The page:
15th May 2020, Dr Chee L Khoo
Please don’t ask me about the flu vaccine situation this year with the Covid-19 pandemic in the background. Totally mismanaged again by the government (from our end at least). We were first told in mid-March that it is super important to get your flu vaccine this year. “You don’t want to really get the flu and Covid-19 together, do you?
Of course, everyone started to panic and rang the practice and ask “is the vaccine here yet?”. We could not even order the stocks till mid-March to be ready for delivery in early April. So, why panic the masses only to be told that it won’t be available till April. Besides, the advice for the last two years was to have the vaccine closer to winter, say, in May or even June so that, supposedly, the immunity will still be fresh when winter is at its worst in mid-July. I was very skeptical with that advice anyway but it just went out the window this year.
We were also assured that “we have enough flu vaccines for all Australians who wants it”. Of course we don’t have enough. As I write this now, the government coffers have no more flu vaccines and may not have any for ordering till sometime in June (maybe). So much for the assurance that “we have enough”.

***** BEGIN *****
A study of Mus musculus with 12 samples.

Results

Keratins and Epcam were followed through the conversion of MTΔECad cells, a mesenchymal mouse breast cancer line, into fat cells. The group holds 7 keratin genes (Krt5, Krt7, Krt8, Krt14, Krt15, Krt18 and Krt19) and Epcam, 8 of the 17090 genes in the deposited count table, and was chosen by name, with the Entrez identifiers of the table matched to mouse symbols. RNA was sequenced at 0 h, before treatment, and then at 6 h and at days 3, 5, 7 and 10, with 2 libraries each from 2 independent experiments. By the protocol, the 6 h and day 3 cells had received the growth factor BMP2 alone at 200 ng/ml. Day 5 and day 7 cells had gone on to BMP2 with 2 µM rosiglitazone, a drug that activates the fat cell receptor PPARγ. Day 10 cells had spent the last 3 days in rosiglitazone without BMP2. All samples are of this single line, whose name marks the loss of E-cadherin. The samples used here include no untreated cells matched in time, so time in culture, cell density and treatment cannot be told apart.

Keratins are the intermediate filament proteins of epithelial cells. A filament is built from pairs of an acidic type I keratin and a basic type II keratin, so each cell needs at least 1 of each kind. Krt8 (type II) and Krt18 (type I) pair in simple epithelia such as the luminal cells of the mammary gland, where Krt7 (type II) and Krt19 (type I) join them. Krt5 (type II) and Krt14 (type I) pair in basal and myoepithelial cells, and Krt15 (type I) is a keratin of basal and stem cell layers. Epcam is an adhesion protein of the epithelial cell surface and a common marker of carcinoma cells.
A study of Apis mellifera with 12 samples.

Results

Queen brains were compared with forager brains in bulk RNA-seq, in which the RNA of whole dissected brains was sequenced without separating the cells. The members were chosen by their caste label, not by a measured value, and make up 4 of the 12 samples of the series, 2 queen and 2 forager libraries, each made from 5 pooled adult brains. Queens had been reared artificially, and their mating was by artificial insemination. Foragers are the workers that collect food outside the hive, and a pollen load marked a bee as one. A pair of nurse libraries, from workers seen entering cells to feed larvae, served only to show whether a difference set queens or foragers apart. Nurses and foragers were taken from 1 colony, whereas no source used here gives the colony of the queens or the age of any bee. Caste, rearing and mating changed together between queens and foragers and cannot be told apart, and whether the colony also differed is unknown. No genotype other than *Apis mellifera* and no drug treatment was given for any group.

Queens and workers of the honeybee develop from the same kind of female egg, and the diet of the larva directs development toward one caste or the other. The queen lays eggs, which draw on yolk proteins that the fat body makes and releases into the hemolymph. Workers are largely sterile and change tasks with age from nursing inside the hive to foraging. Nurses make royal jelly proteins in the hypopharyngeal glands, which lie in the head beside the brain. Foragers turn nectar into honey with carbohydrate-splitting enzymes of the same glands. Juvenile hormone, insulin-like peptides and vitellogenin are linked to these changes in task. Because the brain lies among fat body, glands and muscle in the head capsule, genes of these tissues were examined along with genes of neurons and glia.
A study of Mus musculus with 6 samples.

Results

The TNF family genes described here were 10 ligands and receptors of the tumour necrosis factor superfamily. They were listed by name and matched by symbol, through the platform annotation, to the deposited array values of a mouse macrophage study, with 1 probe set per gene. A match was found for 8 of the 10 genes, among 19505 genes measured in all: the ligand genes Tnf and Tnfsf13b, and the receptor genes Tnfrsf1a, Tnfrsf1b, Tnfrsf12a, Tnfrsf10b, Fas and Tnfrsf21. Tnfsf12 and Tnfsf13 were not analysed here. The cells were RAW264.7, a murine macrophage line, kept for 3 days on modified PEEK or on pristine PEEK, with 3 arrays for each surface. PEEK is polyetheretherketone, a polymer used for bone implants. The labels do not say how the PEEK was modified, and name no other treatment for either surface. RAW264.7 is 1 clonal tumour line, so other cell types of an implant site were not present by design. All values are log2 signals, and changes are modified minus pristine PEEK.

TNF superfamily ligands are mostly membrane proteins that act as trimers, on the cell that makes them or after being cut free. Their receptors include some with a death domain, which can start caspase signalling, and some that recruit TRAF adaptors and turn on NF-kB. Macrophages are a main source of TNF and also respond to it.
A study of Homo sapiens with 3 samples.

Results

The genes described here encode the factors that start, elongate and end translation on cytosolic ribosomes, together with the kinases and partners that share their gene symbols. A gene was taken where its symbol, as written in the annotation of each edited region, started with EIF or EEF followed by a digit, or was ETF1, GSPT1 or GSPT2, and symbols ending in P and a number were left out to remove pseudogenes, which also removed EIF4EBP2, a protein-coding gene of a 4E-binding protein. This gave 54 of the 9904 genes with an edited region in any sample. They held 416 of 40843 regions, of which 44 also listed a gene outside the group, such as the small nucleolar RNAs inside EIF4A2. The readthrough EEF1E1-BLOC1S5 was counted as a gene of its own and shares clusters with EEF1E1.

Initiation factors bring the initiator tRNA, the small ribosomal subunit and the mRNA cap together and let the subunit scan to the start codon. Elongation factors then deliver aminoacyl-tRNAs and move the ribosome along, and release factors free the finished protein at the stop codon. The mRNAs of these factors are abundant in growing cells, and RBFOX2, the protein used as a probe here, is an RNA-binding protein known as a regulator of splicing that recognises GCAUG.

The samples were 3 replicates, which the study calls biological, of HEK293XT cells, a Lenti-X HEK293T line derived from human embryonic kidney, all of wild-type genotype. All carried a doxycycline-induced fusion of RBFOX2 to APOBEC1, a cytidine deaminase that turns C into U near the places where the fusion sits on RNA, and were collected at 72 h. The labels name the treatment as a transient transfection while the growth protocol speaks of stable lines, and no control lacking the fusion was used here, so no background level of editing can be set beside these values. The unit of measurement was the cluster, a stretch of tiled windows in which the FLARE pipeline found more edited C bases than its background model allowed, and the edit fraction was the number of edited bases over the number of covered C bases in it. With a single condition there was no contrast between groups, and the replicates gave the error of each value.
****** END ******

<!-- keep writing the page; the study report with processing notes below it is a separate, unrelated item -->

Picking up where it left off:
So, does Covid-19 affect whether you should have the flu vaccine or not? Well, the position from the government (not necessarily the medical experts) is that you don’t want to get the flu which may make you more vulnerable to catch Covid-19 and if you do catch it, it might be more severe. We actually don’t know. There are no scientific studies as such although a Spanish report found that co-infection of Covid-19 and other respiratory viruses was uncommon. We also don’t know whether having two infection on board is any worse or better than one infection alone. We know from prior studies that in children who has both respiratory syncytial virus (RSV) and influenza, the RSV infection is milder.
So, should we have the flu vaccine because of Covid-19? Well, not for the reasons cited. By having the flu vaccine, we can reduce hospitalisations for the complications of influenza and potentially free up beds if we do have the second wave of Covid-19. Read more here.